NASA Captures The First In-Flight Interactions Of Supersonic Jet Shockwaves


“I am ecstatic about how these images turned out,” NASA Physical Scientist J.T. Heineck said in a press release. “With this upgraded system, we have, by an order of magnitude, improved both the speed and quality of our imagery from previous research.”

NASA’s team took images of air-to-air supersonic jet shockwaves as they merged during the fourth phase of Air-to-Air Background Oriented Schlieren flights, also known as AirBOS, at Armstrong Flight Research Center in Edwards, Calif. The scientists tested a new imaging system which can capture accurate images of shockwaves, which are sudden changes in pressure which occur when an aircraft breaks the sound barrier. Shockwaves produced by an aircraft flying faster than the speed of sound merge together as they move through the air. Often these shockwaves result in a sonic boom, which can sound like an explosion to those unaccustomed to hearing them.

“We’re looking at a supersonic flow, which is why we’re getting these shockwaves,” said AerospaceComputing engineer Neal Smith, who works at Ames’ fluid mechanics laboratory. “What’s interesting is, if you look at the rear T-38, you see these shocks kind of interact in a curve. This is because the trailing T-38 is flying in the wake of the leading aircraft, so the shocks are going to be shaped differently. This data is really going to help us advance our understanding of how these shocks interact.”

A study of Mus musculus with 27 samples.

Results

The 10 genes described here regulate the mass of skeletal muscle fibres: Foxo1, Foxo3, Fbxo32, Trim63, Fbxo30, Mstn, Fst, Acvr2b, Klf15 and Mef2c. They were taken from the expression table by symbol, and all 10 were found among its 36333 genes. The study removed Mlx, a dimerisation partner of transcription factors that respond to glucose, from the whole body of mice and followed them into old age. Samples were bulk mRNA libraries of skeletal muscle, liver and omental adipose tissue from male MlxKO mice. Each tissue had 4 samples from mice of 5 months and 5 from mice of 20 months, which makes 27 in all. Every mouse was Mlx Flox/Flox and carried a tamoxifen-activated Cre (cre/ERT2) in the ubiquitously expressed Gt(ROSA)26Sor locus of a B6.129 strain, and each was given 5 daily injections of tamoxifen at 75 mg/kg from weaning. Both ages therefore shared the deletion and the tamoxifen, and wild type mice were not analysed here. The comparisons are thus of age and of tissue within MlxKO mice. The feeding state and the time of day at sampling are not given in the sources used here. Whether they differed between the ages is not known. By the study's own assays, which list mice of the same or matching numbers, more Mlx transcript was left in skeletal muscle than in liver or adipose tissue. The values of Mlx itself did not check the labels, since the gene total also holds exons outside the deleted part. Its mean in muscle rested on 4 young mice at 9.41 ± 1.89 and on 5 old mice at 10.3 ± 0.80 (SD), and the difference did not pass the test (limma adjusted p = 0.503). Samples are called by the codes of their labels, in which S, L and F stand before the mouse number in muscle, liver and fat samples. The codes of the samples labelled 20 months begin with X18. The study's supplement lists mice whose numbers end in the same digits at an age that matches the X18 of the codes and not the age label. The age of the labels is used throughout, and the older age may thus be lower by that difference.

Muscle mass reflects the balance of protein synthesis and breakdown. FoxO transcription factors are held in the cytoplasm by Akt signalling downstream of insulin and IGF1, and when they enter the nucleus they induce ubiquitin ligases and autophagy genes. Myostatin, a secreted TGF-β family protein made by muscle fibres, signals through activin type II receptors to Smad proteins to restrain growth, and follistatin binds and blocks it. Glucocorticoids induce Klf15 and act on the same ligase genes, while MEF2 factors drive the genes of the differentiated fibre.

One of the team’s main goals was to test their new, advanced equipment in the air to capture high-quality air-to-air images. NASA had already used schlieren photography to study merging shockwaves produced by aircraft. However, the AirBOS 4 flights used an updated version of the schlieren systems, which captured triple the amount of data they were able to capture previously.

“We’re seeing a level of physical detail here that I don’t think anybody has ever seen before,” Armstrong senior research engineer Dan Banks said. “Just looking at the data for the first time, I think things worked out better than we’d imagined. This is a very big step.”

NASA used a B-200 King Air accompanied by an advanced camera system which increased the quality of the images showing the interactions of the supersonic jet shockwaves. The camera was also upgraded to allow the system to capture wide-field views. The new system also received a memory boost, which allowed for a faster frame rate of up to 1400 frames per second. That enabled scientists to obtain a large number of samples to study.

The images showing the interaction of the supersonic jet shockwaves were of such great quality because the space agency used a King Air aircraft which had been upgraded so it could be in exactly the right place at exactly the right time to take outstanding images.

“With previous iterations of AirBOS, it took up to a week or more to integrate the camera system onto the aircraft and get it working. This time we were able to get it in and functioning within a day,” flight operations engineer Tiffany Titus said. “That’s time the research team can use to go out and fly, and get that data.”